Import cargo volume at the nation's major retail container ports is now expected to drop to a total 12.5 million 20-foot containers for all of 2009, according to the monthly Port Tracker report released today by the National Retail Federation and IHS Global Insight.
The number is 17.7 percent below last year’s total of 15.2 million TEUs, but shows improvement from the 12.3 million TEUs forecast a month ago.
“We’re starting to see a pattern where import levels are still below last year but they're not as far below as they were just a few months ago,” said Jonathan Gold, NRF’s vice president for supply chain and customs policy. “This matches up with other economic indicators that show the recession may be coming to an end.”
The 12.5 million Twenty-Foot Equivalent Units now forecast for 2009 would be the lowest since the 12.47 million TEUs recorded in 2003. The number was revised upward to reflect higher projected imports for each of the remaining months of the year as retailers anticipate that economic conditions will begin to ease.
U.S. ports surveyed handled 1.1 million TEUs in July, the most recent month for which actual numbers are available. That was up 8 percent from June but down 17 percent from July 2008, marking the 25th month in a row to see a year-over-year decline.
Volume for August was estimated at 1.13 million TEUs, down 17 percent from last year, while September is forecast at 1.11 million TEUs, down 18 percent.
The volume for October, traditionally the peak month of the year, is forecast at 1.14 million TEUs, down 17 percent from last October. November is forecast at 1.07 million TEU, down 13 percent, and December is forecast at 1.04 million TEUs, down 2 percent from 2008.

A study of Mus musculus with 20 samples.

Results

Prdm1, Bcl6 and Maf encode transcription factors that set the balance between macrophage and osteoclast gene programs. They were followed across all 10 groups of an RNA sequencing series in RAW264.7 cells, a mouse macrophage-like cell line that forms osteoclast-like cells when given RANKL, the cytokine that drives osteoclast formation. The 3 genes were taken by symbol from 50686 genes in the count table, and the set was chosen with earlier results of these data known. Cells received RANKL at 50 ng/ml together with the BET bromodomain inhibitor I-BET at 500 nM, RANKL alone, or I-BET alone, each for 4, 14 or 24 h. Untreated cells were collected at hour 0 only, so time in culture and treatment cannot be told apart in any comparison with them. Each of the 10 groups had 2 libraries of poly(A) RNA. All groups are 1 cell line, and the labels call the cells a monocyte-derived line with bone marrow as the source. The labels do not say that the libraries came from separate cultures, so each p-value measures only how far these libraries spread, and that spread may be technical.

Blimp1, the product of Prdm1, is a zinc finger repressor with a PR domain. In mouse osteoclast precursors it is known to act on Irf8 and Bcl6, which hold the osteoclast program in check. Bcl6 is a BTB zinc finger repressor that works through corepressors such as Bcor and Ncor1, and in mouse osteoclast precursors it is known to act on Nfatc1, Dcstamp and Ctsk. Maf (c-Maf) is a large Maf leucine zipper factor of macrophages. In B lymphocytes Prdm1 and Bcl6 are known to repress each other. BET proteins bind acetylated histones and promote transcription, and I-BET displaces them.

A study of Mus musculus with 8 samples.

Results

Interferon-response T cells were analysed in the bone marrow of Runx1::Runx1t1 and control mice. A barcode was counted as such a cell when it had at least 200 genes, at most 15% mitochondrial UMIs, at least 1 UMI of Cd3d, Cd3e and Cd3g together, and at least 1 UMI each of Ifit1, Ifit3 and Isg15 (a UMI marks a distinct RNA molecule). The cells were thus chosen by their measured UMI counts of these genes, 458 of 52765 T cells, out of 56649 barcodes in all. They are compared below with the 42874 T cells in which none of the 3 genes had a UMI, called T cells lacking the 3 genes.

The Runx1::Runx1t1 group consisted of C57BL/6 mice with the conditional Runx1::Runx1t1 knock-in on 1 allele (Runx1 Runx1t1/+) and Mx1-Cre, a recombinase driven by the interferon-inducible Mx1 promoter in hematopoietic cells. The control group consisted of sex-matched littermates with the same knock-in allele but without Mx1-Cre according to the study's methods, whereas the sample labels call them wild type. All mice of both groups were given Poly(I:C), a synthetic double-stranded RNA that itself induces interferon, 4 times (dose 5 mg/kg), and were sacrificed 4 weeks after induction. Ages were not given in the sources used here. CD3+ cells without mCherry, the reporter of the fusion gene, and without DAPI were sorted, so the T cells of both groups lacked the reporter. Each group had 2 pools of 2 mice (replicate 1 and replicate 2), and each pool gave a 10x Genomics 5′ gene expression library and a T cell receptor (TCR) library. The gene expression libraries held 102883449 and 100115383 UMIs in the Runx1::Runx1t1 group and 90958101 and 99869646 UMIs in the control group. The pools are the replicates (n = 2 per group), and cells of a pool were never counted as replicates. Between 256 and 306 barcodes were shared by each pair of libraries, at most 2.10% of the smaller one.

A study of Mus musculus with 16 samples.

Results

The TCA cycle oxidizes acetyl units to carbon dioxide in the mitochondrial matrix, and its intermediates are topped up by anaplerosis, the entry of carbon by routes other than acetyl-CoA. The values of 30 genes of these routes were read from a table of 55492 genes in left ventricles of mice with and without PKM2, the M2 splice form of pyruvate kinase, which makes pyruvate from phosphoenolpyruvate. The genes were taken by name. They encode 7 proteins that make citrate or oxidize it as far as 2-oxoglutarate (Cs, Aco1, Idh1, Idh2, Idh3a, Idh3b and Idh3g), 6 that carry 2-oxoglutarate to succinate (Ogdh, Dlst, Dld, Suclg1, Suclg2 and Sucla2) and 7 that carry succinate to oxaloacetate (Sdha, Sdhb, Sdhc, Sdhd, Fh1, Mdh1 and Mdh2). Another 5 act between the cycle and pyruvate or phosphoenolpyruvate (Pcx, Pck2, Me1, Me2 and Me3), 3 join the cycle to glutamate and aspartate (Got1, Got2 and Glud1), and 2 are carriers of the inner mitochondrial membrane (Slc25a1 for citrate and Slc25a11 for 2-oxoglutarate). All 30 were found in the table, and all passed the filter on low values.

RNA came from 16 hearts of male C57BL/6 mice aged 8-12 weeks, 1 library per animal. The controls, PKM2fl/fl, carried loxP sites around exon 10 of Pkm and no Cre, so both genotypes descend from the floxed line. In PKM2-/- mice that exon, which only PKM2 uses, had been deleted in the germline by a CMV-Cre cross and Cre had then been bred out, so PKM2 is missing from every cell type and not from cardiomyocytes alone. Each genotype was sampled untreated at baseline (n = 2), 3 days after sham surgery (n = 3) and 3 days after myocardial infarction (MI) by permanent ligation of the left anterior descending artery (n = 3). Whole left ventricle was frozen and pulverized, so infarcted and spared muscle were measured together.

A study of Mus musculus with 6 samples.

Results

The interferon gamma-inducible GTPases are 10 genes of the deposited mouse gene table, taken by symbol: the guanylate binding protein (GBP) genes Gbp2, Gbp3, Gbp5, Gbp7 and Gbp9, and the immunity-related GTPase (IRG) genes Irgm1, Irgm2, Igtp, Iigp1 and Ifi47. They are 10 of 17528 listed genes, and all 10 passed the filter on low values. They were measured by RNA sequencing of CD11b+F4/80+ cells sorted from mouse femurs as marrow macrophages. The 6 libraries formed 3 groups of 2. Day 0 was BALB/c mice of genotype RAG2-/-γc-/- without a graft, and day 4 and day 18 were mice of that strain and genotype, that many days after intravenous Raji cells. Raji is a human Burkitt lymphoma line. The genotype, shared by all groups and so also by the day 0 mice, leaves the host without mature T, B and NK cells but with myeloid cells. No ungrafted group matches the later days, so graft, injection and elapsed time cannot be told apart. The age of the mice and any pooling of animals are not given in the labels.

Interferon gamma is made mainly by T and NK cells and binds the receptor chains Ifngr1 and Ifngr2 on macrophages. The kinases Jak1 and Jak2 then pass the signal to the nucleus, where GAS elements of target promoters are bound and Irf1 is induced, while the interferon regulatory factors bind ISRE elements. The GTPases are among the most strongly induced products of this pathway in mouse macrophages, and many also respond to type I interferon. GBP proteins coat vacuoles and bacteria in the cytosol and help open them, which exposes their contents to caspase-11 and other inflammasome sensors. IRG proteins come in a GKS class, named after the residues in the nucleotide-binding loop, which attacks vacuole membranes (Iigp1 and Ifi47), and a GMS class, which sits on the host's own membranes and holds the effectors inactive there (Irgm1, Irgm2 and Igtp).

The 2 percent decline in December is significant because it would improve by being the first single-digit decline of the year and compares with drops that have ranged from 15 percent to 32 percent.
But January 2010 is forecast at 1.01 million TEU, down 18 percent from January 2009.
“Import container traffic is projected to be weak through January because of the slow pace of recovery from the recession and the slow period that follows the holiday season,” said IHS Global Insight Economist Paul Bingham. “We are seeing the annual cycle of month-to-month growth that will peak in October, but volume is still below last year's levels.”
All U.S. ports covered by Port Tracker -- Los Angeles/Long Beach, Oakland, Seattle and Tacoma on the West Coast; New York/New Jersey, Hampton Roads, Charleston and Savannah on the East Coast, and Houston on the Gulf Coast -- are rated “low” for congestion, the same as last month.
Port Tracker, which is produced by the economic research, forecasting and analysis firm IHS Global Insight for NRF, looks at inbound container volume, the availability of trucks and railroad cars to move cargo out of the ports, labor conditions and other factors that affect cargo movement and congestion.
Contact Peter T. Leach at email@example.com.